Who knows when or if we’ll get Half-Life 3, Half-Life: Episode 3, or whatever Valve calls Gordon Freeman’s next outing. Thankfully, modders like Shokunin are picking up the slack.

It’s been too long since I’ve played anything Half-Life, but there’s comfort in returning to City 17, even if said comfort’s wrapped up in fighting aliens from another dimension and it’s fan fiction. I’ll never tire of picking apart boxes with a crowbar, scanning around for newspaper clippings, and waiting for my favorite sound effects to show up. They’re so damn good!

Transmissions: Element 120, an hour-long mystery set after the events of Half-Life 2: Episode Two, has been in development by Shokunin for more than two years. It’s been worth the wait. Even better, you don’t have to own Half-Life to play it. Just follow these basic instructions.

I think mods are great, but I tend to play with the goofier creations, stuff that shies away from directly imitating the original developer. It’s fun when fans go in unexpected directions, and chances are you’re not going to make something as cool as the original creatives—usually.

Transmissions, however, might as well be be plucked from a series of short stories set in City 17.

The story opens with the player listening to a warped version of the G-Man whispering into your ear. It sounds like a record being played backwards. Before long, you’ve woken inside a train car, and the chatter of Combine soldiers is uncomfortably close. Naturally, there’s a trusty crowbar hidden away, letting you bust the lock off a door, and start exploring further. It’s not long before you come across a series of helpful notes that seem specifically left behind to guide you towards...well, something. With nothing useful behind you, it’s time to move on.


It all starts pretty basic, but before long, Transmissions proves itself more than a new map.


Lemme provide an example and, in the process, fully admit this mod scared the shit out of me.

At one point, you come across a series of notes that don’t seem to suggest anything useful.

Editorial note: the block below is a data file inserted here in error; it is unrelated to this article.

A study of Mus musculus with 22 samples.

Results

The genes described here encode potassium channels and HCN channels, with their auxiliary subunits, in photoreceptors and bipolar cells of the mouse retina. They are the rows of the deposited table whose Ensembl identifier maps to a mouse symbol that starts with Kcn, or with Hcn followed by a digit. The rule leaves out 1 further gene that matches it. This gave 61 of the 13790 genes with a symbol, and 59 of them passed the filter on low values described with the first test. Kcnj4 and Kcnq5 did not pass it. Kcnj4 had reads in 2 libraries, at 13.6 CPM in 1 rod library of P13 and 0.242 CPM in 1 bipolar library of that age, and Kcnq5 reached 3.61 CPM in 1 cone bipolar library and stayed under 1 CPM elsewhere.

Yes, that’s a horde of those headcrab zombie things that moan with ghoulish consistency. I counted at least 15 down there before I just started mumbling to myself, looking for the exit. There was nothing around, though, besides some kind of motor, a ladder leading to a locked door, and the entrance to a dark part of the sewer that I had zero interest in ever exploring.


Not only were there 15 horrible monsters shuffling below me, not-so-quietly contemplating my flesh, but I’d turned off the lights. Then, it clicked. “The wolf moves freely among the flock.” “Veiled in the black of night.” It appears the game was suggesting I should, um, drop into the crowd, trust the darkness would protect me, interact with the motor, and hope for the best.

THAT SOUNDS LIKE A HORRIBLE IDEA, BUT OKAY, VIDEO GAME!


This is when I realized how much Transmissions gets what I’ve dug about previous Half-Life games. Even though Shokunin may not be a Valve employee and Transmissions might not be an official release, I didn’t care at all. I was fully on board with finding out what happened next.

The rest of Transmissions doesn’t disappoint, but I don’t want to spoil it all for you. But...


And there’s a battle against some Striders that rivals the sequence at the end of Episode Two.


If you’d like to watch me play through the introduction to Transmissions, you can do so here.

You can reach the author of this post at patrick.klepek@kotaku.com or on Twitter at @patrickklepek.